CISA's Malware Analysis Platform Could Foster Better Threat Intel


The question now is how organizations and security researchers will use the platform and what kind of new threat intelligence it will enable beyond what is available via VirusTotal and other malware analysis services.

The Malware Next-Gen platform uses dynamic and static analysis tools to analyze submitted samples and determine if they are malicious. It gives organizations a way to obtain timely and actionable information on new malware samples, such as the functionality and actions a string of code can execute on a victim system, CISA said. Such intelligence can be crucial to enterprise security teams for threat hunting and incident response purposes, the agency noted.

"Our new automated system enables CISA's cybersecurity threat hunting analysts to better analyze, correlate, enrich data, and share cyber threat insights with partners," said Eric Goldstein, CISA's executive assistant director for cybersecurity, in a prepared statement. "It facilitates and supports rapid and effective response to evolving cyber threats, ultimately safeguarding critical systems and infrastructure."

Since CISA rolled out the platform last October, some 400 registered users from various US federal, state, local, tribal, and territorial government agencies have submitted samples for analysis to Malware Next-Gen. Of the more than 1,600 files that users have submitted so far, CISA identified about 200 as suspicious files or URLs.

With CISA's move this week to make the platform available to everyone, any organization, security researcher, or individual can submit malicious files and other artifacts for analysis and reporting. CISA will provide analysis only to registered users on the platform.

Jason Soroko, senior vice president of product at certificate lifecycle management vendor Sectigo, says the promise of CISA's Malware Next-Generation Analysis platform lies in the insight it can potentially provide. "Other systems concentrate on answering the question 'has this been seen before and is it malicious'," he notes. "CISA's approach might end up being prioritized differently to become 'is this sample malicious, what does it do, and has this been seen before'."

Malware Analysis Platform

Several platforms — VirusTotal is the most widely known — are currently available that use multiple antivirus scanners and static and dynamic analysis tools to analyze files and URLs for malware and other malicious content. Such platforms serve as a sort of centralized resource for known malware samples and associated behavior that security researchers and teams can use to identify and assess risk associated with new malware.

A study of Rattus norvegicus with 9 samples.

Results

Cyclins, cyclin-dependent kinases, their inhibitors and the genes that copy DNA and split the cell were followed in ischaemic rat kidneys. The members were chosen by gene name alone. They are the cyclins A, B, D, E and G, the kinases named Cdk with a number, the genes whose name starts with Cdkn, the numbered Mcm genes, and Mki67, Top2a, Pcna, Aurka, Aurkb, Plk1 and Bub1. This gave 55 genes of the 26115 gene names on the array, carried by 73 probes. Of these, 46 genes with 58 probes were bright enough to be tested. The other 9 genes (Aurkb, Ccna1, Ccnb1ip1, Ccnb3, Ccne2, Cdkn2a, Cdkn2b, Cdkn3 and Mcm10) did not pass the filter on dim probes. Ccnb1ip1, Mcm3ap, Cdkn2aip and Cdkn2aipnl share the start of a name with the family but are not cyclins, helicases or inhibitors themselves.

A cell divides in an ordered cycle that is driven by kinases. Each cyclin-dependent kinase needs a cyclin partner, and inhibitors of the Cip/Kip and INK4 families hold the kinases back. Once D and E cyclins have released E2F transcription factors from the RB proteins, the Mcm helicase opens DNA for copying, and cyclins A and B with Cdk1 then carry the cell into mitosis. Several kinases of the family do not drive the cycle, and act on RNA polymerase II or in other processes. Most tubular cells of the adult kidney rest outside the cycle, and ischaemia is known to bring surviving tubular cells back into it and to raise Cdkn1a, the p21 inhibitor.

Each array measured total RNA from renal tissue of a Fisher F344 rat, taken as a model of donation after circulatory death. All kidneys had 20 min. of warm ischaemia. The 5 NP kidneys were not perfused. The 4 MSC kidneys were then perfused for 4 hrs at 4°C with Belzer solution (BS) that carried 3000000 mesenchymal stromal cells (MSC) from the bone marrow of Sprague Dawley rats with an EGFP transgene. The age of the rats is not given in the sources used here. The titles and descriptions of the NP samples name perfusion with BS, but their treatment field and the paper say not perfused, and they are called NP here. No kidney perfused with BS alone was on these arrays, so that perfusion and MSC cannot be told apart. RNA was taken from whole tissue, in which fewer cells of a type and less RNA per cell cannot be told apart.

How different CISA's Malware Next-Gen will be from these offerings remains unknown.

"At this time, the US government has not detailed what makes this different from other open source sandbox analysis options that are available," Soroko says. The access that registered users will get to analysis of malware targeted at US government agencies could be valuable, he says. "Getting access to CISA's in-depth analysis would be the reason to participate. It remains to be seen for those of us outside of the US government if this is better or the same as other open source sandbox analysis environments."

Making a Difference

Callie Guenther, senior manager, cyber threat research at Critical Start, says it's possible that some organizations might initially be a bit cautious about contributing samples and other artifacts to a government-run platform because of data confidentiality and compliance issues. But the potential upside from a threat intelligence standpoint could encourage participation, Guenther notes. "The decision to share with CISA will likely consider the balance between enhancing collective security and safeguarding sensitive information."

CISA can differentiate its platform and deliver more value by investing in capabilities that enable it to detect sandbox-evading malware samples, says Saumitra Das, vice president of engineering at Qualys. "CISA should try to invest in both AI-based classification of malware samples as well as tamper-resistant dynamic analysis techniques … that could better uncover [indicators of compromise]," he says.

A larger focus on malware targeting Linux systems would also be a big improvement, Das says. "A lot of the current focus is on Windows samples from EDR use cases but with [Kubernetes] and cloud-native migration happening, Linux malware is on the rise and are quite different in their structure," from Windows malware, he says.